Romance & Realism
Science & Liberal Education
Little Red Riding Hood
Plays of the Year, 1950
Thomas Hardy: Tess of the D'Urbervilles
Las Tres Españas de la España Contemporanea
The Public Record Office
Louis XV; the monarchy in decline
The Principal Speeches of the Statesmen & Orators of the French Revolution
The Poetical Works of Lord Houghton
Vices & Virtues
Archives & Manuscripts: Appraisal & Accessioning
Dickens's Dictionary of Days
A Yachting Cruise to Norway
Schatten des Dkunklen Ostens
The Pageant of Netherlands History
Gerard Manley Hopkins: The Classical Background & Critical Reception of his Work
On An Irish Jaunting-Car through Donegal and Connemara
Histoire de France
The two ocean war: a short history of the United States Navy in the Second World War
An Etiquette for Writers
Histoire de Belgique
An Essay on Idealization in Poetry II William Cowper
The Middle English stanzaic versions of the life of Saint Anne
Selections from Seventeenth-Century Songbooks
The Resurrection of our Lord
Burglars in Bucks
The Spirit of Ireland
The significance of Congreve's Incognita
Life of Charlemagne
The fortunes of war: four great battles of World War II
The Original Manuscript of Thomas Hardy's 'The Trumpet Major'
The complete works of William Hazlitt
Forty plus and fancy free
The history of the holy grail: Englisht, ab. 1450 A. D.
Keats-Shelley Memorial Bulletin, Rome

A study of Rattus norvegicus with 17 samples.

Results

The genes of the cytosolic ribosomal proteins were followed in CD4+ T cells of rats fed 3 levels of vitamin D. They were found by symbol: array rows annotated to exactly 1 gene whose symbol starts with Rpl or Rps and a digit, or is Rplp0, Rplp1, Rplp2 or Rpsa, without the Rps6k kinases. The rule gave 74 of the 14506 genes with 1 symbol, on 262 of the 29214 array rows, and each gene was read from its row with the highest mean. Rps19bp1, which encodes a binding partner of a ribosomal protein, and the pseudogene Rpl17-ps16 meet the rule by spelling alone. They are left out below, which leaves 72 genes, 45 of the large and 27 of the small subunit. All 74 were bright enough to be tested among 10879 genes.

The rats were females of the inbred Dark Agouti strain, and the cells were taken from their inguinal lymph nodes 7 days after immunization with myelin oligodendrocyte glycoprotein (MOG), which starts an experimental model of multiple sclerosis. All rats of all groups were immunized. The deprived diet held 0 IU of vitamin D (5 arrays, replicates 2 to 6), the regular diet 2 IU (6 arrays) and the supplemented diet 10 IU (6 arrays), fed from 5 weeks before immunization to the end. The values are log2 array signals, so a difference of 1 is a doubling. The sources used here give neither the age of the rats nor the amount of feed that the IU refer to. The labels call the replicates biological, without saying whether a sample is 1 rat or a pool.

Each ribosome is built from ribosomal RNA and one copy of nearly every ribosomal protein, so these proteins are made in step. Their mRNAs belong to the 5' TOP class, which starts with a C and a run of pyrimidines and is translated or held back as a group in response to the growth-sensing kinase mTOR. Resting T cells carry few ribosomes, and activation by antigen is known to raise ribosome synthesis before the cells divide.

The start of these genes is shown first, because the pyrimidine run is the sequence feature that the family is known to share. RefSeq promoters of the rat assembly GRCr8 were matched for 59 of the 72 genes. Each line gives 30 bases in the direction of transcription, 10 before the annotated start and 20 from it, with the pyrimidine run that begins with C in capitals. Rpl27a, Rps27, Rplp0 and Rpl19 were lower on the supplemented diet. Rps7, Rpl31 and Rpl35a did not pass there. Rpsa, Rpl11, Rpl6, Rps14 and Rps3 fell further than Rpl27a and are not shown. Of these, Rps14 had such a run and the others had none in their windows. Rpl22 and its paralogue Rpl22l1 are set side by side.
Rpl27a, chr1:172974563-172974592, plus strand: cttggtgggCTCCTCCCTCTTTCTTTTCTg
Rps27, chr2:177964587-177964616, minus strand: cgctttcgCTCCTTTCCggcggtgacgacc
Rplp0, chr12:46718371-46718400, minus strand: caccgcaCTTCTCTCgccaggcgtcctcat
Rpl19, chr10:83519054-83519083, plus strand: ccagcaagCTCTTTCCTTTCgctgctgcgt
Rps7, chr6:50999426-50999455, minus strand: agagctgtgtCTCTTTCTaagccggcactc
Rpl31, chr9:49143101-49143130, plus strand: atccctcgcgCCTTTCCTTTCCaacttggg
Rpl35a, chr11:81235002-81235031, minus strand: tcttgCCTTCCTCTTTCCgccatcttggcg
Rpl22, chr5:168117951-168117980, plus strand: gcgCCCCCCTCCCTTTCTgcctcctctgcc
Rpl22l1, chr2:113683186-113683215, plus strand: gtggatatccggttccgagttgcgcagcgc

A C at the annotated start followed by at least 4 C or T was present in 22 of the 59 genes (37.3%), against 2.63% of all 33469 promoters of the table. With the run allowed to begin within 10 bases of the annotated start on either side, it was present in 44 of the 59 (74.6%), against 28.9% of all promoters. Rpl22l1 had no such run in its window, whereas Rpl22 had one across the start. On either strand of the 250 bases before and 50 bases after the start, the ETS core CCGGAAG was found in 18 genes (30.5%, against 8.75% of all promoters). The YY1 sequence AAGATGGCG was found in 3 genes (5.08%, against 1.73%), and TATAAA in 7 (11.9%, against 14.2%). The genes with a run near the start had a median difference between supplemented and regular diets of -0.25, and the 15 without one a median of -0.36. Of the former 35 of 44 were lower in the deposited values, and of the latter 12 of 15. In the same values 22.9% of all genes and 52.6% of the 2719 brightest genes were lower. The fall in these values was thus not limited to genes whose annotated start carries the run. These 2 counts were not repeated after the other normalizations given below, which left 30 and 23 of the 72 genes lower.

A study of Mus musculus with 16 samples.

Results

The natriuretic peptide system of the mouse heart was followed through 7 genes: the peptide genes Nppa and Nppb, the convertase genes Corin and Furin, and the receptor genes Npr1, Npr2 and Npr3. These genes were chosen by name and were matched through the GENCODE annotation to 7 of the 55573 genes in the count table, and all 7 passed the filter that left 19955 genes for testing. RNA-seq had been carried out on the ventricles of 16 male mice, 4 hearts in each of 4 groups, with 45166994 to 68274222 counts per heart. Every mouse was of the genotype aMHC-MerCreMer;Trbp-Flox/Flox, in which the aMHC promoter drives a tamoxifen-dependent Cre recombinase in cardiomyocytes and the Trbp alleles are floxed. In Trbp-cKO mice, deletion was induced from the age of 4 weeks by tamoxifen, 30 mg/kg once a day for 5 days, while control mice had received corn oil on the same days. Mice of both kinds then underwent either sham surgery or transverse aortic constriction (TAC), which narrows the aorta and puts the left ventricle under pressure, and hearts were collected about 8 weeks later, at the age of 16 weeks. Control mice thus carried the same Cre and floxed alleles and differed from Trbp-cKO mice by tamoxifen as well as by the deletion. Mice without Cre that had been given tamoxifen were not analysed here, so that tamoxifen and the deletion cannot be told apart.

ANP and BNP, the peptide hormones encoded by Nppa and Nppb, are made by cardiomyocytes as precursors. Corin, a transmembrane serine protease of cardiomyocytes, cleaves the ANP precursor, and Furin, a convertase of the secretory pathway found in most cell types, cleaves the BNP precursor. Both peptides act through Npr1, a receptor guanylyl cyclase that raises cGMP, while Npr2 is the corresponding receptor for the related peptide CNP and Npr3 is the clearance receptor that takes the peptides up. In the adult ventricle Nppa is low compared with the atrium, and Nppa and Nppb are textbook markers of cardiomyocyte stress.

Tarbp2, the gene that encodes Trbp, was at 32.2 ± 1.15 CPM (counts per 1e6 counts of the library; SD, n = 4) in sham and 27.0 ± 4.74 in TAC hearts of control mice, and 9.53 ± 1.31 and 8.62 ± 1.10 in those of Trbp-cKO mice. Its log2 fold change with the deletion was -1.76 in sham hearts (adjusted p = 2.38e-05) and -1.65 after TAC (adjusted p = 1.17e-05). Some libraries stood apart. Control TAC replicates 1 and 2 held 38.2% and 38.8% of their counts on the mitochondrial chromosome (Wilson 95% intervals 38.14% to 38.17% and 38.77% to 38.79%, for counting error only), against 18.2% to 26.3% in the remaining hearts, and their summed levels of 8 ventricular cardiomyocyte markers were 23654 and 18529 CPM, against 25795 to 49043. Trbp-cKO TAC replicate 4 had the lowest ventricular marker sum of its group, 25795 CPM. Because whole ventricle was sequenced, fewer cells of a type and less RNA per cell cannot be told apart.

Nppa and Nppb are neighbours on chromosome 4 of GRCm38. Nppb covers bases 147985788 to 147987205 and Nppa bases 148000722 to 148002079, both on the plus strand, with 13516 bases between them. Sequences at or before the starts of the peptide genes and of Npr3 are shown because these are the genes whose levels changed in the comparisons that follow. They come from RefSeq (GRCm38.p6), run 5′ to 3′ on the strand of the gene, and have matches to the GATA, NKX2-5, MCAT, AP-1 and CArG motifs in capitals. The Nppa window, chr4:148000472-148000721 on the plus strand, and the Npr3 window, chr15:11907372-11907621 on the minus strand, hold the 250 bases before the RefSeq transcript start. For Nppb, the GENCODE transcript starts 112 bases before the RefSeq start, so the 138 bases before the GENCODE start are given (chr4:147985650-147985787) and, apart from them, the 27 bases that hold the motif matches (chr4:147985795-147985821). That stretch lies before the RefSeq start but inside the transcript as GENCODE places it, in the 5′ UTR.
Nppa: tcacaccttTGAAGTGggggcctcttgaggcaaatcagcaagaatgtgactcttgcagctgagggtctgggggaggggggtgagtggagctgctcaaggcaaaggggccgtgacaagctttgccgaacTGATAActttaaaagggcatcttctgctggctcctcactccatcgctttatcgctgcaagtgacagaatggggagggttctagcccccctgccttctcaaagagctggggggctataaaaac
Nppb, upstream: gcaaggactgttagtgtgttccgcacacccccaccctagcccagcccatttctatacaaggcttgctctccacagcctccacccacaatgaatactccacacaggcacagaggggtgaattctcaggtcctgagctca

Mediaeval and Renaissance Studies
Agnès Sorel, 'la dame de beaulté'
From the Land of the Midnight Sun to the Volga
La France au douzième siècle pendant les règnes de Louis le Gros et de Louis le Jeune
A Critical Commentary on Milton's 'Samson Agonistes'
Ideas in Context
Theology and Poetry in the Middle English Lyric
The Unpublished and Uncollected Poems of William Cowper
My obsession with the library started at an early age, when my family would make weekly trips to the local public branch. Fast forward to 2014 when I was a grad student at CU... browsing the stacks at Norlin, I came across a book containing remnants of a bygone era: a computer punch card, a slip to sign, ex libris, torn and taped edges. I became obsessed with finding other instances of these material traces, and over a three-week period spent all of my free time searching the stacks and scanning my favorites.
“My first library job was in second grade, when for some reason I was allowed to skip parts of my classes to go work in the school library. I got to read a lot, but my main job was stamping the due date on the cards in the back of the books. I loved doing that — so much that my mother took me to the office supply store to buy my own date stamp. I taped circulation cards in the back of my books and stamped them when I took them off the shelf to re-read.”
– Mike Furlough, Assistant Dean for Scholarly Communications, Penn State
Library technology has changed drastically over the past few decades. From circulation cards (first signed in pencil, later stamped) to computer punch-cards to bar codes, tracking methods have become increasingly automated and anonymous. Traces of temporary ownership have fallen aside as technology advances. While efficient, these newer methods leave few, if any, clues to the past (who borrowed, when, for how long etc.). The newer books, never marred by circulation cards, ex libris labels or signatures, maintain a rather pristine condition. In terms of ongoing preservation, one could argue that an unobtrusive bar code is the best solution. Yet, there’s something magical about all of the marks, inserts and stamps that adorn the interior covers of old library books.